EDITOR’S NOTE: This was first on the site on June 19, 2019.
Whatever you call it — Terror House, Terror at Red Wolf Inn or Folks at Red Wolf Inn — this 1972 horror comedy is one strange film. It makes a nice double or triple feature companion for a few other movies from the early 70’s like The Baby and Messiah of Evil. They’re horror, sure, but they also all feel like they’ve come from some other planet, somewhere beyond the walls of our normal plane of existence.
Regina (Linda Gillen) is a young college student with no money, friends or plans as the rest of her class leaves for spring break. That said — her luck is about to change, as she gets a letter informing her that she’s won a free vacation to the Red Wolf Inn.
She even has a plane ready for her and a handsome young man named Baby John Smith to pick her up when she arrives. Their ride to the inn is wild, as he races the police, but instead of reacting with fear, she enjoys the ride.
Once they arrive, Regina meets the owners of the inn, Henry (Arthur Space, who played veterinarian Doc Weaver on TV’s Lassie) and Evelyn (Mary Jackson, Sister Felice in Airport and Emily Baldwin on TV’s The Waltons), who are also Baby John’s grandparents. Plus, there are two other contest winners, Pamela (Janet Wood, Angels Hard as They Come) and Edwina (Margaret Avery, who years later woud be nominated for a Best Supporting Actress Oscar for her work as Shug Avery in The Color Purple; she’s also in the made for TV movie Something Evil that Steven Spielberg directed before Jaws).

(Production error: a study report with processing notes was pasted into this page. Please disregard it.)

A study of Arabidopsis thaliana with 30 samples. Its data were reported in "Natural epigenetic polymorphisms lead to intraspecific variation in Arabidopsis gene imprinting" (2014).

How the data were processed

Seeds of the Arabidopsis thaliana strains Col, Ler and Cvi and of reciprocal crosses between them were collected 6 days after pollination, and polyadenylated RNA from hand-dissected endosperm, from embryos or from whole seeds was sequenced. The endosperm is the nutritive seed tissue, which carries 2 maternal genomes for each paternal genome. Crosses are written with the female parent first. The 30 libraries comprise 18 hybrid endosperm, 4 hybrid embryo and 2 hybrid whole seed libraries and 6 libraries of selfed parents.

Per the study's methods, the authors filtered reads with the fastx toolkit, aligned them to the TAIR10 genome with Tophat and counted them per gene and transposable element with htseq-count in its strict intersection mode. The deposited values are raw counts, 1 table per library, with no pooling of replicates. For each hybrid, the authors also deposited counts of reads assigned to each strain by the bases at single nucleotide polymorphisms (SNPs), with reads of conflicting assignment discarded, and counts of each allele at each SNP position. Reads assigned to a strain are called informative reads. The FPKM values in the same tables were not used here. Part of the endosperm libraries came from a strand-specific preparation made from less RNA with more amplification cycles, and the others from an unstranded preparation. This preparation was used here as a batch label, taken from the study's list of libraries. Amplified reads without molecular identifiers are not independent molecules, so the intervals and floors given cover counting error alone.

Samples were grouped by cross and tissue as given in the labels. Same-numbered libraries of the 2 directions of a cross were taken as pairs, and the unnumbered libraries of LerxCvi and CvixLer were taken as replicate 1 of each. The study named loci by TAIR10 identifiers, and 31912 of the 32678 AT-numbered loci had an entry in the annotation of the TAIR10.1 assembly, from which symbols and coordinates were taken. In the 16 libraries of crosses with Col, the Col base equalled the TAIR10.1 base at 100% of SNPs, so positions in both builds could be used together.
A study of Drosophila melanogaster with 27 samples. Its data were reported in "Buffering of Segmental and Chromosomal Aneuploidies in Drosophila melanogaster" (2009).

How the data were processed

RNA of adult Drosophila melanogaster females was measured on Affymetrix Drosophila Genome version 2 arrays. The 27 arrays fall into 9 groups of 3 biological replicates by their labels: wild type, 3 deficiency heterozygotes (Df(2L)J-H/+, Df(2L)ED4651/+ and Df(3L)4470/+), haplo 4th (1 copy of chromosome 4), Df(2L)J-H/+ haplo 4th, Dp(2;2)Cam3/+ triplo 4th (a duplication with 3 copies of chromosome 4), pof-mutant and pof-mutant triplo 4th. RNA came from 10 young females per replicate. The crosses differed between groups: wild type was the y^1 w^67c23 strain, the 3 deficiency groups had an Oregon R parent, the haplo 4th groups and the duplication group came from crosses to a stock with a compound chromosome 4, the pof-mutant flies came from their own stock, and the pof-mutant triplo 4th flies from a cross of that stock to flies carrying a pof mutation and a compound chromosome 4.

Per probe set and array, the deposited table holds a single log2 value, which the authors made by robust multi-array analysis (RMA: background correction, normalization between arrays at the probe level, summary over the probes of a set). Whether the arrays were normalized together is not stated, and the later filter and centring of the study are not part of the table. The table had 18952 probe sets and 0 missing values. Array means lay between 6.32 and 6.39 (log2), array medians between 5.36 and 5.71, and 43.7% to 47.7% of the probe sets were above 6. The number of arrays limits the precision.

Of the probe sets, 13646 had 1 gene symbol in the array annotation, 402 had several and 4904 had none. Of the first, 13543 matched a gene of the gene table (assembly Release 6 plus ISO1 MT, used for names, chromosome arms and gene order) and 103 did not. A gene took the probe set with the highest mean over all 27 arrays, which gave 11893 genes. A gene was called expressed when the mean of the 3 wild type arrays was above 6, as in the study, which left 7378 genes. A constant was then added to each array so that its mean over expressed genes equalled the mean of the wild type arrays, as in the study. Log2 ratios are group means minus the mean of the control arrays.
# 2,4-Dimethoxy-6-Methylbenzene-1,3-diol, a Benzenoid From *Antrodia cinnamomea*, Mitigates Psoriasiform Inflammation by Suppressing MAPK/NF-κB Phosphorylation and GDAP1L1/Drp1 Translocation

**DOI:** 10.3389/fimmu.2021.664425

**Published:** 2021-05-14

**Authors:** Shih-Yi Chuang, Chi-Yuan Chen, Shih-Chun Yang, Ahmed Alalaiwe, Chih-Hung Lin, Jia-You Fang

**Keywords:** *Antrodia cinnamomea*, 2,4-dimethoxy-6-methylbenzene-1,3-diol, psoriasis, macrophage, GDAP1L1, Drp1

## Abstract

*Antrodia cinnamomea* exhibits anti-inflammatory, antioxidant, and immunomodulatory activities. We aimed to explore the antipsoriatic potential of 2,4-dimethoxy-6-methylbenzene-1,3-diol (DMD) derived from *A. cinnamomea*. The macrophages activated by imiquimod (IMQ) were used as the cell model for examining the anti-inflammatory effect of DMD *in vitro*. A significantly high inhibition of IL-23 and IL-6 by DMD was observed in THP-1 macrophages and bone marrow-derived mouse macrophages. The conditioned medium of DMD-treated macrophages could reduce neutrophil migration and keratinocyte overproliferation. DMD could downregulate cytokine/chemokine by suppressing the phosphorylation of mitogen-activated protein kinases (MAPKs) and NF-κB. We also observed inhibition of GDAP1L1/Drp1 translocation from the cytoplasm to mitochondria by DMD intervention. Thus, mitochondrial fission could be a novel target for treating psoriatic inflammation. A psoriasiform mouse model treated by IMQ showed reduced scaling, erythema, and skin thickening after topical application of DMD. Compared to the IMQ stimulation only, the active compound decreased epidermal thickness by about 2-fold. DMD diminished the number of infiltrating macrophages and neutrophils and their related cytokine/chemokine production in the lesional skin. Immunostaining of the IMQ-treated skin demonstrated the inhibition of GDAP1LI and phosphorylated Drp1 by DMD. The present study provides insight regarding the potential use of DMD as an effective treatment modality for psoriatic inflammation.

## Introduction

That night, everyone sits down to an extravagant meal where they’re encouraged to indulge themselves. The next morning, Pamela has gone, but her dress has stayed behind.
Baby John and Regina’s feelings for one another are noticed by everyone in the house. This leads to my favorite scene in the movie, where they share a moment on the beach, flirting with one another before they embrace and kiss. Then, Baby John catches a small shark and loses his mind, smashing it over and over again before punching it, all the while screaming “Shark!” before confessing that he loves Regina. It’s incredibly disconcerting, like the way that beings from another dimension would act thinking that they were fitting in with humanity.
Before you know it, it’s time for another party, this time celebrating Edwina’s last night. After everyone goes to bed, the Smiths go to her room, knock her out with chloroform and then slices her to ribbons inside the refrigerated meat locker. After Regina worries that Edwina left without saying goodbye, she tries to run away, but even the police are members of the Smith family.
A prisoner inside the Red Wolf Inn, she soon discovers that she’s been eating human flesh the entire time there. She tries to run one more time, but is caught and finally admits that she’s in love with Baby John. Despite the fact that she believes that his grandparents want to kill and eat her, she thinks that they’ll come to accept her. There’s a test later that night where they try to get her to eat human flesh, now that she knows what she’s been devouring, but she runs away.
Baby John is smitten, but will he save the woman he’s fallen for? Will he eventually eat her too? Or is there an even stranger ending poised to blow your mind?
If you want to know every single thing there is to know about this film, I heartily recommend the zine Drive-in Asylum. In issue eight, there’s an interview with Linda Gillen that goes in-depth into every facet of the film and its production, as well as a great article by Terry Thome that dissects the film’s mixture of romance, horror and comedy. In fact, if you check out the Drive-In Asylum etsy store, you’ll find everything from signed VHS copies of the film, promotional photos and even a cookbook inspired by the film! I’m proud to say that I illustrated this unique souvenir of this film, which as a real honor (and I even have one signed by Linda).
BONUS: We spent two full episodes of our podcast discussing this movie with Bill from Drive-In Asylum, which will give you even more insight into the sheer craziness at the heart of this film.